A Maryland financial wellness expert is offering advice to help people tackle their student loan debt and believes it’s important to take action now.
Starting Oct. 1, holders of student debt will have to resume payments, but the interest is already starting to accrue.
That’s why the founder and executive director of a nonprofit designed to help people tackle their student debt said it’s so important to take action now.
“The biggest mistake is taking a passive approach to this,” said Tisa Silver Canady, with the Maryland Center for Collegiate Financial Wellness.
Many people resuming their student loan payments, or those making payments for the first time, may not even know who is servicing their loans. In that case, Silver Canady advises going to the Federal Student Aid website “to make sure that you know where all of your loans are and who all the servicers are.”
Silver Canady said she’s worked with people who have as little as a few thousand dollars in loans to those that are nearly half-a-million dollars in debt. “Most of the people that I work with owe upwards of $60,000-$70,000,” said Silver Canady.
One thing she tries to drive home is that there are options, especially for those with federal loans. “Right now, there are eight different repayment plans, and there are different ways you can go about repayment to save yourself money,” Silver Canady said.
Among the ways that borrowers can manage their monthly payments: applying for an income-driven loan repayment plan.
“These are payment plans that allow a borrower to have a monthly payment that’s based on their household earnings and other characteristics, like the number of dependents they have, instead of just paying solely upon the balance that is owed,” said Silver Canady.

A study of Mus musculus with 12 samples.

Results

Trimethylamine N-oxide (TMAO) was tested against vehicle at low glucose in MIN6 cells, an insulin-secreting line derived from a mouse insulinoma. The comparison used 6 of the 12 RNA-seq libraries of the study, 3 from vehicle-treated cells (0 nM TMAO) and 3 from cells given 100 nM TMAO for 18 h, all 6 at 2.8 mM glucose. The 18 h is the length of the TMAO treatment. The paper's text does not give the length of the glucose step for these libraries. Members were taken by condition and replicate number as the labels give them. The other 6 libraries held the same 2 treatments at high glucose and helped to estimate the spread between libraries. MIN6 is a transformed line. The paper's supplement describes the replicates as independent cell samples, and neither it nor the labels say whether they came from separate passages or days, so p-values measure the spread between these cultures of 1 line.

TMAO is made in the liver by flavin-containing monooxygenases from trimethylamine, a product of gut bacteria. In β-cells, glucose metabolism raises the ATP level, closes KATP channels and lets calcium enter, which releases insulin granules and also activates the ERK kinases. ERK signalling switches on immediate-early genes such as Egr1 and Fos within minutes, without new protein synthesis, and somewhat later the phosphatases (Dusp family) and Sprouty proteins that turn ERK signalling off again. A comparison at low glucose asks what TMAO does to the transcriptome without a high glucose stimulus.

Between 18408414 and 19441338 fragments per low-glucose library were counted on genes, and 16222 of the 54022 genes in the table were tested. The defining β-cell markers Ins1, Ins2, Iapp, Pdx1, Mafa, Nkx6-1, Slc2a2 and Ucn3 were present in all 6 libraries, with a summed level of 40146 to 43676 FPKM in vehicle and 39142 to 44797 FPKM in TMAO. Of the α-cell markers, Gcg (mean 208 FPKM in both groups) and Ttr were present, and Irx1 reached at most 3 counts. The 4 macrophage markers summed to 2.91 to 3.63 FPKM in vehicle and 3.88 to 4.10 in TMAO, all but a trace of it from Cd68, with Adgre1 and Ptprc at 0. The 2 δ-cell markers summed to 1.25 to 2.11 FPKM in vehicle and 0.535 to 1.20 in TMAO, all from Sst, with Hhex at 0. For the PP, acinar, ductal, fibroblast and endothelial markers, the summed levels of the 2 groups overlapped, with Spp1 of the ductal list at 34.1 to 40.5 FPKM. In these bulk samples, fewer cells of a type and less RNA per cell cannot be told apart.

In one case that Silver Canady worked on, a borrower faced a possible payment of $4,000 a month “and there is no way that she can repay that.”
So, they worked to get an income-driven plan that would drop that payment to as low as $100 a month. “And that’s a huge difference,” said Silver Canady.
She added that mot all student-loan holders are in their 20s and 30s.
Silver Canady said, “Believe it or not, most of the people that I’ve met with in the past, I’ll say, six weeks, are over the age of 60 and carrying at least $40,000 to $50,000 in student loan debt” from loans that were taken out nearly 20 years ago.
In some of those cases, the borrowers, who ran into trouble in repaying their loans, were counseled to move into “forbearance,” giving them the ability to pause payments.
“But interest is accruing the entire time,” said Silver Canady, adding that when those clients resumed payments, they found their debt had grown.
And in those cases, she’s heard people tell her they thought they’d be taking their debts to their graves. “As many times as I’ve heard it, it’s like a gut punch every single time,” said Silver Canady, because those clients would otherwise be able to retire “and enjoy some freedom.”
Along with contacting their loan servicers, Silver Canady said Maryland residents who run into problems can contact the state’s student loan ombudsman in the Department of Labor.
Once repayment resumes, if they run into trouble with their loan servicer, “they might want to loop in the ombudsman to potentially open up an investigation or help them arrive at a resolution,” said Silver Canady.